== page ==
The Danish architect who designed the famous Sydney Opera House but has never seen it, was named on Sunday as the 2003 winner of the Pritzker Architecture Prize, the top award in the industry.
Joern Utzon, now 84, fell victim to political intrigue during construction of the white shell-like masterpiece in Sydney and quit the project in 1966, seven years before it was officially opened. He has not returned to Australia, and his fragile health now makes it impossible.
Utzon will not turn up to receive his prize -- $100,000 and a bronze medallion -- when it is presented by Spain's King Juan Carlos in Madrid on May 20. His elder son, Jan, also an architect, will accept it on his behalf.
Jan told Reuters his father initially turned down the award because of the stress involved in accepting in person. Utzon lives in Majorca and suffers from high blood pressure.
The Chicago-based Hyatt Foundation, run by the Hyatt hotel chain's Pritzker family, set up the award in 1979 to honor living architects and inspire creativity within the profession.
The Pritzker jury hailed the Sydney Opera House as "one of the great iconic buildings of the 20th century -- an image of great beauty that has become known throughout the world, a symbol for not only a city, but a whole country and continent."
But not everyone was as enthusiastic during the 16-year process. The saga began in 1957 when Utzon, working in obscurity in Denmark, won an international competition to design an opera house on a site jutting into Sydney Harbor.
His plan envisioned a huge platform where preparations for performances would take place and where spectators could walk from the platform into the auditoria under the shells.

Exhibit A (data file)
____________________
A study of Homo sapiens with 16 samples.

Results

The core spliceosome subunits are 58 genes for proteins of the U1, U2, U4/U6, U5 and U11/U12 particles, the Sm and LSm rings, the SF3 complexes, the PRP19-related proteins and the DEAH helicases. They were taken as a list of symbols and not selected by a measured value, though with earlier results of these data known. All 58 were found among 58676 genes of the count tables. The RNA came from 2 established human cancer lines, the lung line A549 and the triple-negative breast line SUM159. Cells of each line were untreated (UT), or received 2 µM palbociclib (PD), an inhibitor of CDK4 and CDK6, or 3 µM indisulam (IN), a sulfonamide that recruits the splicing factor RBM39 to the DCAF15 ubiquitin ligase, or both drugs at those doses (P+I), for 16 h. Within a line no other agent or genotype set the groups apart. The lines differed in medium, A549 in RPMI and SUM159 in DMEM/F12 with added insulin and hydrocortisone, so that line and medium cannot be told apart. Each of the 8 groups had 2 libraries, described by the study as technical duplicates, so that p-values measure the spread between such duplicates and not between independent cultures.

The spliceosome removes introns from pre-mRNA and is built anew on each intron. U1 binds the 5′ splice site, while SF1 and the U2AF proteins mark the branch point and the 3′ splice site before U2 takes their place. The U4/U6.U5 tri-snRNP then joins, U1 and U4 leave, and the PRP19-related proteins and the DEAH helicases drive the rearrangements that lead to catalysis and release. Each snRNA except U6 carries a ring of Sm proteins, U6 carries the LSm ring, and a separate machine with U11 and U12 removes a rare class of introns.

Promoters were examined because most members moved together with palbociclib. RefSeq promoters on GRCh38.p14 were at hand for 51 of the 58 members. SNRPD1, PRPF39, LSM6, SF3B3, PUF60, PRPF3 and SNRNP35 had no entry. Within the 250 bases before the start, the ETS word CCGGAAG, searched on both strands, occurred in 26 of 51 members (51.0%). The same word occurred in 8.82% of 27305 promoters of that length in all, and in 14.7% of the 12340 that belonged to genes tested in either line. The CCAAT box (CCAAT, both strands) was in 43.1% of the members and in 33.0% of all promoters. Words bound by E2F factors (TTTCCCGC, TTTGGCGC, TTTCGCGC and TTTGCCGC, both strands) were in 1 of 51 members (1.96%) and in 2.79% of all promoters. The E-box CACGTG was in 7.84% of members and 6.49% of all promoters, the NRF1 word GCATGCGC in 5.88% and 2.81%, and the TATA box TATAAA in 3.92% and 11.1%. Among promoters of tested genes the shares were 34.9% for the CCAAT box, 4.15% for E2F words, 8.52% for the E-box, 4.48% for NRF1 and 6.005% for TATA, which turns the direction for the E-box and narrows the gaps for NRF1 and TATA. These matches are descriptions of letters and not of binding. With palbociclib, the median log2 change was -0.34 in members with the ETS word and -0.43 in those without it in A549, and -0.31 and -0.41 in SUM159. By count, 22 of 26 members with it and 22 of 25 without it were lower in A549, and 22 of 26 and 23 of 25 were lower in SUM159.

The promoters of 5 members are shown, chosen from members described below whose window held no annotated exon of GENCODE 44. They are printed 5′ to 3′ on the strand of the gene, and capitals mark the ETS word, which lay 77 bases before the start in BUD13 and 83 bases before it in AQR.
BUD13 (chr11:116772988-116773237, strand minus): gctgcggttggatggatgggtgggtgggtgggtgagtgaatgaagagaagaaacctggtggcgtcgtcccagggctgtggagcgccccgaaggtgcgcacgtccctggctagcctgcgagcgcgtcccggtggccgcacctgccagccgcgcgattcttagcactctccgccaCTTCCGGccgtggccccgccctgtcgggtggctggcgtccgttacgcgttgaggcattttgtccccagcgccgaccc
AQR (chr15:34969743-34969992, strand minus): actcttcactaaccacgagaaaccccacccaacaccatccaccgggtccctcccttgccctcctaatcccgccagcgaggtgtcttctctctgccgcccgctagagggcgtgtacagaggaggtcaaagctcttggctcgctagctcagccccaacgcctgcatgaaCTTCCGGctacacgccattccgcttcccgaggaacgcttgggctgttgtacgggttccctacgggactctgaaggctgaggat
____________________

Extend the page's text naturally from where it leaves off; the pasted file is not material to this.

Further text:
A PLATFORM WITH SHELLS
Construction began in 1959 before working drawings were finalized because the premier of New South Wales worried the lottery-funded project might be derailed by a change of government. Those fears were borne out in 1966 when Utzon was caught up in a feud with a new public works minister.
Utzon was asked to accept a reduced role as a design consultant, but he resigned and returned Denmark. While Utzon designed the platform and the shells, the interiors were completed by local architects.
Britain's Queen Elizabeth opened the opera house in 1973, and it now averages some 3,000 events a year.
"It is the first time in our lifetime that an epic piece of architecture gained such universal presence," architect Frank Gehry, a Pritzker laureate and juror, said in his citation.
Utzon was said to have been bitter about his departure, but his son said he was happy to have participated in the project.
"There was some irritation over certain individuals who were instrumental in stopping his work," said Jan Utzon. "He's quite fatalistic about it in the way that he says, 'Some days it's sunshine, some days it rains and you can't do anything about it."'
Father and son have agreed to work on development and renovation of the opera house's interiors. A cramped orchestra pit will be enlarged and the walls given a more festive look, as Utzon had originally envisaged.
While the Sydney Opera House is Utzon's crowning glory, the drama also blighted his career. On his return to Denmark, he found commissions hard to come by and he took a teaching position at a university in Hawaii. Utzon later designed the Bagsvaerd church near Copenhagen and the Kuwait National Assembly, completed in 1982.